Pongo Project Journal

Sharing stories of our work with teens
Feb 01
"Stepping Up to Be a Queen"

"Stepping Up to Be a Queen"

In honor of Black History month, 2021, Pongo would like to share a poem by one of our authors. Like so many of the poems written by Pongo youth poets and like Black History itself--especially in the U.S., this poem is filled with resilience in the face of severe abuse. Read this author's realtime process of putting themselves back together--a process that for this poet is reminiscent of Audre Lorde's quote, “Caring for myself is not self-indulgence, it is self-preservation, and that is an act of political warfare.”

BROKEN INTO PIECES
by an African American student writing with Pongo

I was hurt

I don’t know what to do
I can feel it in my soul
God, I can feel it through you
There’s this battle
that I’m fighting
This is exactly why I’m writing

I was misunderstood
I was misused
I was hurt
I was abused
I was beaten till I was black and blue
Nobody ever understood
what I was going through

I feel that’s all I really cared about
Was just not being someone’s toy
Not being someone that could always be hurt
Not knowing who I am

is what affects me now

I gotta step up to be a queen
and put on my crown
It’s a thorn crown
That’s why God died on the cross
because he knew that people in his nation
would be lost


I don’t know what to say
At times, I don’t know what to feel

I love writing
I love being myself
I love being a queen
and it’s not all about wealth
You don’t have to have money to care
You have to have a heart to be who you are
This is why I’ve gotten so far
This is why I’m cared for
and that is where this ends
    

Dedicated to my brothers

Jan 20
A Poem for Inauguration Day, 2021

A Poem for Inauguration Day, 2021

As the U.S. celebrates the inauguration of President Joe Biden and Vice President Kamala Harris, we at Pongo look forward to a more hope-filled and compassionate tone in national leadership to inspire Pongo's work listening to and providing platforms for, the voices of youth often unheard or misrepresented in our society. Here's one such example:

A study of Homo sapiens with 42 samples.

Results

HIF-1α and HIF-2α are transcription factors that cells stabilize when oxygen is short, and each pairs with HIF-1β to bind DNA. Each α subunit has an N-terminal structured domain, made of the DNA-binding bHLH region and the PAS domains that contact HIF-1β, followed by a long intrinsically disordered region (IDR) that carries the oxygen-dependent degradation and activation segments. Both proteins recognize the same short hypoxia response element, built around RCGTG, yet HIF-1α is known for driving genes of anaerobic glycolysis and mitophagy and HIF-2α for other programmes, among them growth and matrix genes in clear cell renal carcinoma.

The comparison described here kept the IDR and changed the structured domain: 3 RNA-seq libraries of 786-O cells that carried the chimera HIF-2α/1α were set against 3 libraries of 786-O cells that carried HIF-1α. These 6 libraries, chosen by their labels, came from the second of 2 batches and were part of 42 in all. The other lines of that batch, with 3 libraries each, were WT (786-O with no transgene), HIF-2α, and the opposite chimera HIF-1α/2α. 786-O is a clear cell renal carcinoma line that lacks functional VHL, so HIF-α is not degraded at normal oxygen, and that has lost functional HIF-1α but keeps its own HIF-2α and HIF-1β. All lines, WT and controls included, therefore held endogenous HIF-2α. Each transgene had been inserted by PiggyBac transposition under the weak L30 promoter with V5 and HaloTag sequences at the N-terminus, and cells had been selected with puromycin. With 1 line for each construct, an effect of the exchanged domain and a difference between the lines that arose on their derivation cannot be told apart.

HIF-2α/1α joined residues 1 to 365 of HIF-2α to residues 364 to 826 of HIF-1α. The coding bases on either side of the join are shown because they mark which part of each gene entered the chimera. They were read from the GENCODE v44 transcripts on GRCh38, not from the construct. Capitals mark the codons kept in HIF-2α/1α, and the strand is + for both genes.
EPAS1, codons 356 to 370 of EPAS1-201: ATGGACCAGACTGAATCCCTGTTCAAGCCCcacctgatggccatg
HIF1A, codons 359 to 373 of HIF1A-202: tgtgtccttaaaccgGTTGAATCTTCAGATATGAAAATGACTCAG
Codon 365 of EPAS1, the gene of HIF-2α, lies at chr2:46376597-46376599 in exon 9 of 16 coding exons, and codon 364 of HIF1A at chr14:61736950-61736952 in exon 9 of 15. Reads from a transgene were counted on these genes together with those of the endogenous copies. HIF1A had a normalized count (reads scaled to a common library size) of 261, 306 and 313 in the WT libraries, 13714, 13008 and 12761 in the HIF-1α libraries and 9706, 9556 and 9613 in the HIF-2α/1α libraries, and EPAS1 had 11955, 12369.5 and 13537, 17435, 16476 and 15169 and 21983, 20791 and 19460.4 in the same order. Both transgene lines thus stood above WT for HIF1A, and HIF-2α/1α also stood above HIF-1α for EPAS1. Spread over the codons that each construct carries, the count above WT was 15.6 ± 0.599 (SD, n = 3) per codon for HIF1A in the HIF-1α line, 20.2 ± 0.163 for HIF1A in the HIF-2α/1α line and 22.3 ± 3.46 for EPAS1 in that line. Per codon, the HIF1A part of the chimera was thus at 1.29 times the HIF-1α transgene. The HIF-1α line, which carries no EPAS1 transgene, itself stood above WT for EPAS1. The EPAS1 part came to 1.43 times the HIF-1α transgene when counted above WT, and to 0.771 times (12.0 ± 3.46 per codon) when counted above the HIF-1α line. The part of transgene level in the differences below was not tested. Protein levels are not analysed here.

A REVOLUTION FOR YOU AND ME
by a young man at CFJC (King County Juvenile Detention)

When there’s change in the air, smelling like fresh cut lawn
or grandma’s fresh cooking,
I think it might be time for a revolution.

A revolution for myself would look like a young man
spreading his knowledge
with others who need it most.

Thinking about change like this, reminds me
of the time when Barack Obama got out the White House
cuz there was no role model—nobody.
All we had was a president who only cares about himself.
So we had to make a change ourselves
by stepping up, loving one another and accepting who we are.

A revolution to my friends and family
would have to be a peaceful marching,
peaceful gathering, a peaceful speech
that tells the whole world
about the ones that been hurt the most
and been held back
by the justice system—a bulldozer
for our hopes, and our children’s guidance.

A revolution for this country
would have to mean a bigger picture—non-violence,
spreading the love, spreading knowledge,
helping feed one another, heal one another.

A revolution for us could be positive
if we all have the right mindset, with no irrational mind.
Rather a wise mind than weak one
with somebody that’s not afraid to speak
when they’re told not to.
or the revolution could go bad
if we’re all just angry and upset about the past.
But I know, in this revolution, I’ll be a better man.


Like this poem? Email programmanager@pongoteenwriting.org for a Word doc Fill-in-the-blank activity on this theme!